Twelve member countries of the International Conference on the Great Lakes Region (ICGLR) are calling for community structure to offer services and integrate survivors or victims of sexual and gender-based violence into society.
The call was made by the Coordinator of (ICGLR), Victor Mugaruka, while conducting training on sexual and gender-based violence on 25th – 27th November 2020 at Kigali.
“We are training our professionals on psychosocial aspects how to conduct counseling and, economically support the survivors or victims of sexual violence especially young girls and young mothers,” he observed. He commended the facilities and services being offered at Isange One-Stop Center and indicated how community advocacy and awareness can enable such victims to know and enjoy their rights. “We should also educate the communities to report the police and assist such victims to access health services”.
The call came as Rwanda joins the rest of the world in the 16 Days of Activism against Gender-Based Violence. This year 2020, the campaign will internationally be conducted under the theme: “Fund, Respond, Prevent, and Collect”. In Rwanda the theme is “Let us build a Family Free of GBV”. The Sixteen Days Campaign is an opportune moment to call upon everyone to join hands in preventing and fighting against GBV and all forms of violence against women and girls.
Commenting on the same issue, the National Trainer on sexual gender-based violence in ICGLR, Ngendahayo Moise, observed that Rwanda is among some of the ICGLR member countries that have a law in place that penalizes gender-based violence. He said although Isange One Stop Center offers health services to victims, more needs to be done to integrate victims into society.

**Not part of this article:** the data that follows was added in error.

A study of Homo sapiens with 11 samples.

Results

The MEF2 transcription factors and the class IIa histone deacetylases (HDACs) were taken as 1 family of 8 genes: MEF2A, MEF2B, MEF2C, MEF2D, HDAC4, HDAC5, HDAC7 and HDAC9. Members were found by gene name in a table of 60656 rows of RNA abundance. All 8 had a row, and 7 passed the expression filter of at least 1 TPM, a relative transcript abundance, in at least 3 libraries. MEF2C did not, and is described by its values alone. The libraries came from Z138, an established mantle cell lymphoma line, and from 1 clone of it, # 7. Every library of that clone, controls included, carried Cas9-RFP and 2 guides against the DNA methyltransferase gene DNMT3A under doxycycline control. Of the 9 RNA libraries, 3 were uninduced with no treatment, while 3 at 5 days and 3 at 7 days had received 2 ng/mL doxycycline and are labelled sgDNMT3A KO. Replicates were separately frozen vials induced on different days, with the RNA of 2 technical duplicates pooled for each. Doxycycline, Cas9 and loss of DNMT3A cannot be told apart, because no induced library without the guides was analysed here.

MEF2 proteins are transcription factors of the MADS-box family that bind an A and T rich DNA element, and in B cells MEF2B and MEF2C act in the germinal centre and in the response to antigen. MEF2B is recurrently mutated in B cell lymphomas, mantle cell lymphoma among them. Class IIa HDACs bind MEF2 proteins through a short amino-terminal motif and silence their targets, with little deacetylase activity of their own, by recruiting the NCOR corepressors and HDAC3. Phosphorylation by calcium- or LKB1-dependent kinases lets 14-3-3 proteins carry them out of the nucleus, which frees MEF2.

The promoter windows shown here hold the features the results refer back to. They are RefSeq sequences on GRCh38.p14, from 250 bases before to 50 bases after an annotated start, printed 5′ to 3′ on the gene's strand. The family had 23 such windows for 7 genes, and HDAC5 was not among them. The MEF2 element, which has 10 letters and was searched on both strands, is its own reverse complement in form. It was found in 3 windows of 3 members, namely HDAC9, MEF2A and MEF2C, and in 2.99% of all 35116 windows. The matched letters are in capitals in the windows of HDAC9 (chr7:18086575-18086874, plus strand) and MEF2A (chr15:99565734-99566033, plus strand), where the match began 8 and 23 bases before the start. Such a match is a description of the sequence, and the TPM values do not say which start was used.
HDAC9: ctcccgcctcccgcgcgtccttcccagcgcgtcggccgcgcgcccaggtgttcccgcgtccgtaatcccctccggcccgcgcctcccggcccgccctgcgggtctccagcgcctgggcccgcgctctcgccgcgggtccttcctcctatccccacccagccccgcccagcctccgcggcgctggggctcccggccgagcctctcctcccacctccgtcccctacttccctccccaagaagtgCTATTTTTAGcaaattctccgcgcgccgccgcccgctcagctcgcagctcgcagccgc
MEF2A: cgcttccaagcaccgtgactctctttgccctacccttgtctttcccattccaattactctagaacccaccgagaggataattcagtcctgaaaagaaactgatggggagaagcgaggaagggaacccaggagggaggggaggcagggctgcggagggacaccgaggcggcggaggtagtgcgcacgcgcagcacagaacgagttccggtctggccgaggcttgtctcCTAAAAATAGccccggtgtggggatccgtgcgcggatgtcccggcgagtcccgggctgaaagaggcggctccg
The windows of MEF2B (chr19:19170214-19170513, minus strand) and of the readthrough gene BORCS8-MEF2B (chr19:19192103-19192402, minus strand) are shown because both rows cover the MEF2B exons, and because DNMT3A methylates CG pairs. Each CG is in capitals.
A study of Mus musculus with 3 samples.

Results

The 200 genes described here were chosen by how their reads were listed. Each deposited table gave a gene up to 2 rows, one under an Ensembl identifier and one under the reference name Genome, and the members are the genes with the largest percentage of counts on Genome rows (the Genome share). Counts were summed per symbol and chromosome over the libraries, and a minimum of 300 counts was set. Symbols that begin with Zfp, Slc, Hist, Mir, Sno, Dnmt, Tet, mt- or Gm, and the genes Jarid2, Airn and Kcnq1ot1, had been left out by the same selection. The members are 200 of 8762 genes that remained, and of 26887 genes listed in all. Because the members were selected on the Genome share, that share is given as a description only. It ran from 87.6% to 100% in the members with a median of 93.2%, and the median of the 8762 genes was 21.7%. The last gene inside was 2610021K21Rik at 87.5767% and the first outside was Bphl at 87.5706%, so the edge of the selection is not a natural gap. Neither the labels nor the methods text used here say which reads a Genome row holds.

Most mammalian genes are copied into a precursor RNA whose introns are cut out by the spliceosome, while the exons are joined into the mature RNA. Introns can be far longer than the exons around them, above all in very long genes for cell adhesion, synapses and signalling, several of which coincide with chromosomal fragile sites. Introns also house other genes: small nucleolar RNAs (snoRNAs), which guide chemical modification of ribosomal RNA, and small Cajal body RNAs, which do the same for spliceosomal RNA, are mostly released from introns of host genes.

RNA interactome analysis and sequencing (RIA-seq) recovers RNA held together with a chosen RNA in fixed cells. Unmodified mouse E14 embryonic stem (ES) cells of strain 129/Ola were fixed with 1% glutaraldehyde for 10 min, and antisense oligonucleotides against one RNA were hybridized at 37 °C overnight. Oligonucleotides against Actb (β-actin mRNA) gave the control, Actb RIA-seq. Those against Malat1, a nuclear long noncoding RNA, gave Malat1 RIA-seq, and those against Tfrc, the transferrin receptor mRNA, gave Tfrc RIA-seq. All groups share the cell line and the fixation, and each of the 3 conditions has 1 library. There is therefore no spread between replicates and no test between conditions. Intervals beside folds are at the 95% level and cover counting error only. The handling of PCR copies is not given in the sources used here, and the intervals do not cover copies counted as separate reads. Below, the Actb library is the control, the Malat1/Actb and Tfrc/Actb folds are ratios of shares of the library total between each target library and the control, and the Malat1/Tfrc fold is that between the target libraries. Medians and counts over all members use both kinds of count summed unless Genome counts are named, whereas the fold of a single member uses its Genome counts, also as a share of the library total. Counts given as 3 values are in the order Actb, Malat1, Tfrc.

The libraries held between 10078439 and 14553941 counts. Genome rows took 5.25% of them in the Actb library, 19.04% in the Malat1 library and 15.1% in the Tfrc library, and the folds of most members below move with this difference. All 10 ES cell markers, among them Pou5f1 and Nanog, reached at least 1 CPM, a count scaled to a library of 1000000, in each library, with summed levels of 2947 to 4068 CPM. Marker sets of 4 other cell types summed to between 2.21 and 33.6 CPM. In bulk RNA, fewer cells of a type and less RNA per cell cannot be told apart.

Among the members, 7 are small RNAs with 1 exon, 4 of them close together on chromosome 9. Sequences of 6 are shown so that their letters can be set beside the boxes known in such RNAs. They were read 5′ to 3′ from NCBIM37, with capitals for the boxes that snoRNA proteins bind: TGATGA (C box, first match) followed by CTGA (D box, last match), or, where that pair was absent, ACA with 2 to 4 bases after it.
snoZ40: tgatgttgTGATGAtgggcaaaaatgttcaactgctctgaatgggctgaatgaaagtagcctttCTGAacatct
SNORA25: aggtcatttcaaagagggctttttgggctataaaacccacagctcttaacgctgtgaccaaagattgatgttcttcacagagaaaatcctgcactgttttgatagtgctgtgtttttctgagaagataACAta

“We are avoiding discrimination against the victims, and we are helping them to integrate into communities and engage in development activities,” he observed.
Kabatesi Olivia, Country Director of Empower Rwanda, called on parents to take care of their children without condemning those that have experienced sexual violence or have been defiled. “When a child defiled, you can help the child psychologically, in order to prevent associated trauma,” she said, adding that, such a child may be defiled again if she is chased away from the home, “Our role as parents is to take care of our children and the advice them to be able to report if they are faced with sexual or gender-based violence including defilement,” Kabatesi emphasized.
Key forms of SGBV reported during COVID-19:
- Domestic violence: highly reported in Uganda than in other countries.
- Defilement: highly reported in Uganda and Kenya.
- Rape: highly reported in Uganda and Kenya.
- Economic violence: highly reported in Bujumbura / Burundi.
- Trauma: Highly reported in Burundi. The physical and psychological violence was very high during the lockdown.
- Indecent assault: high reported in Uganda, Kenya and Angola.
- Child abduction: highly reported in Uganda and Kenya.
- Unnatural offenses: highly reported in Uganda, Kenya and Angola.
- Infanticide: reported in Uganda, Kenya, Burundi and Angola.
- Incest: Uganda, Kenya, and Angola.
Some of the causes of SGBV stated: High unemployment rate among young people especially in this COVID-19 period; low awareness on the issue of GBV; lack of dialogue in families; divorce of parents; lack of self-control and the lack of knowledge of one’s rights.
Some of the Strategies to improve the care and situation of survivors were identified: Sensitization on legal instruments that protect women’s rights; rehabilitation; resocialization and reintegration. Others included emphasizing the basic concepts of care for victims of sexual violence; providing free care to victims; conducting multiple seminars on sexual violence; strengthening care facilities for victims (hospitals, supervision centers), and increasing awareness among men.